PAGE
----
These Clogs Are Helping Me Weather the Lockdown Blues

This whole situation has reminded me how much I enjoy wearing my Birkenstock Bostons.
IMAGE Jonathan Evans

Yesterday, I opened the front door of my apartment building and ventured out onto the sidewalks of Brooklyn. Under normal circumstances, this would be a daily, even many-times-daily, occurrence. But that's not how it goes right now. With a distressing number of people either refusing to give everyone else six feet of space or not wearing a mask—or both!—I've come to view going outside as stepping into the gauntlet. It's rendered me homebound more often than I would like (or, in truth, is at all healthy for my mind or body).

Basically, at this point, I need to bribe myself a little just to do my fair share of the household errand-running. Considering my specific proclivity for men's fashion and style, it might not come as a surprise that I do this with shoes. Say what you will about the ritual of getting dressed up and going outside, but over the course of lockdown, I've discovered that for me, the key to overcoming stay-at-home inertia is a pair of clogs.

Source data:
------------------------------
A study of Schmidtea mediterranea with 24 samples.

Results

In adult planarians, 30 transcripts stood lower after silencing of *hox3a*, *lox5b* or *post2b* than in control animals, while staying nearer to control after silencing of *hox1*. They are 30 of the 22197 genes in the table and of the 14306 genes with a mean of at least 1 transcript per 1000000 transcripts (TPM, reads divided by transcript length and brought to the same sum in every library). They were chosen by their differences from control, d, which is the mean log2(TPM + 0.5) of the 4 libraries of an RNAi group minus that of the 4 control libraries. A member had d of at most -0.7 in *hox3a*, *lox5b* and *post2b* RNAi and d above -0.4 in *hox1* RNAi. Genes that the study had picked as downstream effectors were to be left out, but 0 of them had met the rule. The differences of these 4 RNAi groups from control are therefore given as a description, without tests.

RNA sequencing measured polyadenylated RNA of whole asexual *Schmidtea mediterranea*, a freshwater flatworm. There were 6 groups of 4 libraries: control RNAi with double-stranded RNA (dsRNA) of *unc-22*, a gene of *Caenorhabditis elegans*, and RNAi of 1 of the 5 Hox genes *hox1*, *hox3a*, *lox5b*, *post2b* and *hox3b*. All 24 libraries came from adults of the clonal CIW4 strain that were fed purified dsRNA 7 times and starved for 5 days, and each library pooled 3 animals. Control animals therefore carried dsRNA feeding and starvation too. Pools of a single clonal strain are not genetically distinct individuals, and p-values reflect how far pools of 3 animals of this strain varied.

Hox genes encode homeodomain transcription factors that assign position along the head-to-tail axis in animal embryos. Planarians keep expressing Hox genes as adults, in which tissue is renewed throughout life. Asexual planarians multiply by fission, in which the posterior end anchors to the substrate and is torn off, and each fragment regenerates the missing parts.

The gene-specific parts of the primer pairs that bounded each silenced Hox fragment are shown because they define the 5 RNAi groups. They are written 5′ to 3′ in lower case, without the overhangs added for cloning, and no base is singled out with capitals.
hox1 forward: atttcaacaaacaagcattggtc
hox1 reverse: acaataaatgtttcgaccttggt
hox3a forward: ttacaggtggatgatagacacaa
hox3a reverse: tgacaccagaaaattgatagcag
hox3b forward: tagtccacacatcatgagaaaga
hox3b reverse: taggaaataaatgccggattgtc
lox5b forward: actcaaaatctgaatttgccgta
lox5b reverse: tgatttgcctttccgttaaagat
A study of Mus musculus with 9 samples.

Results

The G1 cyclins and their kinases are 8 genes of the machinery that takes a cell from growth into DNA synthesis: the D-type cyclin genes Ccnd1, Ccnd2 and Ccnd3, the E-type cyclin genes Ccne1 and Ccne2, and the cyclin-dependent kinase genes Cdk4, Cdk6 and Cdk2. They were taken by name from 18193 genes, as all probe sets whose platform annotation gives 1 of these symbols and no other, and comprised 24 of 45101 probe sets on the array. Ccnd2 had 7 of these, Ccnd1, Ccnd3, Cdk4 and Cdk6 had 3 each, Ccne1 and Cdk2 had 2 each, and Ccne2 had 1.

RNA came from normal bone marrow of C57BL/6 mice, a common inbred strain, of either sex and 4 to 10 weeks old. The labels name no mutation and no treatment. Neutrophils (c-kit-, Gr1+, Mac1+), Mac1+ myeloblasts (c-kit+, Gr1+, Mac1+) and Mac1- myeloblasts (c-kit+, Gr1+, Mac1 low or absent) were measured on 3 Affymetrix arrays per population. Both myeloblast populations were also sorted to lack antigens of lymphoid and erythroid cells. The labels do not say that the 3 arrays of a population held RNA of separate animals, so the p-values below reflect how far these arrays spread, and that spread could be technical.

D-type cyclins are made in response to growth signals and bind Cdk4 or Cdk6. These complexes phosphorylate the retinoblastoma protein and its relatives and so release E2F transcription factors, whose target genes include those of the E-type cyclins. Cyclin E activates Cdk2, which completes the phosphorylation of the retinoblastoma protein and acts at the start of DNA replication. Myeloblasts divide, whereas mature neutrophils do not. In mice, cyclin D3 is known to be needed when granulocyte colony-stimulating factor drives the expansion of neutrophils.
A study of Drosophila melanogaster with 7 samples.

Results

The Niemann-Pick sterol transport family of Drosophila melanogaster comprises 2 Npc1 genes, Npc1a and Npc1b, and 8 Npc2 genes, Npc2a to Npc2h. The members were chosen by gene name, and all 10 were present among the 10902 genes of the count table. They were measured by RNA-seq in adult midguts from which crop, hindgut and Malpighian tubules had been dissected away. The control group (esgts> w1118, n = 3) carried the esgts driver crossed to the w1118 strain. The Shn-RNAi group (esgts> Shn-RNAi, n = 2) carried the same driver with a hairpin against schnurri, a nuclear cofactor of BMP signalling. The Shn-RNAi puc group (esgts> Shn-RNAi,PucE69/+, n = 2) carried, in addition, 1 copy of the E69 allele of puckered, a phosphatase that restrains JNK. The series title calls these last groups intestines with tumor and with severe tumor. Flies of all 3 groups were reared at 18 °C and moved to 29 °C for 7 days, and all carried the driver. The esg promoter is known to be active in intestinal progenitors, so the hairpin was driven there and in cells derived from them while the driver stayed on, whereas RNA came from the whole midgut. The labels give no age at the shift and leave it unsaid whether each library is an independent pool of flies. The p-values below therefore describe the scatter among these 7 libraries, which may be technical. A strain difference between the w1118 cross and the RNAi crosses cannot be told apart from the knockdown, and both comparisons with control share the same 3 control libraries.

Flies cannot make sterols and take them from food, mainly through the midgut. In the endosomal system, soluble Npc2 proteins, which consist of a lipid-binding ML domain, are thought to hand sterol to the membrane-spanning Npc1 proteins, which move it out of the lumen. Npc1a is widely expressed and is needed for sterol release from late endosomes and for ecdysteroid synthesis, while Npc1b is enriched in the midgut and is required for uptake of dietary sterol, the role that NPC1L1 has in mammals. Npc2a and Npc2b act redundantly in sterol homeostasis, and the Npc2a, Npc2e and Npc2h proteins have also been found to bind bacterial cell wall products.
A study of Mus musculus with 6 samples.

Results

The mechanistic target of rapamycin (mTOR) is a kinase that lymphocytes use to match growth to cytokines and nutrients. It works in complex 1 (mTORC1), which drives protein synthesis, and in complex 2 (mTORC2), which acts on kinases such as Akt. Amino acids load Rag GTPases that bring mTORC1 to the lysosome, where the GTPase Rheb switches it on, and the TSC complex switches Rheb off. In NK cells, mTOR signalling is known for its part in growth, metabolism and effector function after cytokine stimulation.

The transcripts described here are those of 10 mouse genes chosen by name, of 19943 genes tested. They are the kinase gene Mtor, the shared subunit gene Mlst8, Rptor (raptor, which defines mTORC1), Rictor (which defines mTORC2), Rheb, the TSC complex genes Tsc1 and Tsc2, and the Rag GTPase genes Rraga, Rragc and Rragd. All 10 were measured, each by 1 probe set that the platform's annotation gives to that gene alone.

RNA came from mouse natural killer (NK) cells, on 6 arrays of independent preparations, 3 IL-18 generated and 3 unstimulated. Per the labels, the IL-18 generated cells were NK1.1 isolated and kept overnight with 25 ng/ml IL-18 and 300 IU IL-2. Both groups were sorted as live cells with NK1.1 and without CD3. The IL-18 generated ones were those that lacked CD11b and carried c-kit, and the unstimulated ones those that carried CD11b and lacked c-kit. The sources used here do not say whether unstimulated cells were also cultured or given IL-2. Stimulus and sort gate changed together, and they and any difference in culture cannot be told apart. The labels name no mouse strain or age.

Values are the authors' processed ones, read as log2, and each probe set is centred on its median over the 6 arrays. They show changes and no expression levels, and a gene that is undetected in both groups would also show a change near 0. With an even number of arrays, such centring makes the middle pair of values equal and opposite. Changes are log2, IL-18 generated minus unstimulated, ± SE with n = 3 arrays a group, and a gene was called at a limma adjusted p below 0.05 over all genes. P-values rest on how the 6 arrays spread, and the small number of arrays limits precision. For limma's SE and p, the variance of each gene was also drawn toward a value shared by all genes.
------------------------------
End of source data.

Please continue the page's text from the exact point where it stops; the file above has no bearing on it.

Birkenstock Boston Soft Footbed

Photo by Birkenstock.

I've owned the same pair of Birkenstock Bostons for years, but they didn't get a whole lot of wear in the Before Times. Bare heels at the office seemed a little brazen, and Birks and socks (while a very good thing that I fully endorse) inevitably invited commentary. I'd wake up, thinking about giving it a go, and usually settle for sneakers instead. That translated into the weekend, because, like I said: inertia.

A global pandemic is pretty effective at upsetting old routines, though, and lately when I go out, I've been delighting in sliding my sockless feet into the ergonomic embrace of my Bostons. I may be breathing into a mask and fogging up my glasses, but my heels, about as far as you can get from a mucous membrane, remain blissfully uncovered. My arches, never too good to begin with and now even worse from too much couch time, are supported. I look down at the wedges of my feet and I feel good about what I'm seeing.

It's a small thing, but it helps. I walk around a little, dodging the maskless and the prematurely assembled, and my clogs keep me from sinking (too far) into moroseness. They remind me of that weird sense of optimism that I felt years ago, when I bought a pair of shoes that for decades prior had smacked of uncoolness and thought, "Well, maybe I'll make them look cool." I'm still not entirely convinced that I do, but I'm looking forward to the next time I wear them nonetheless.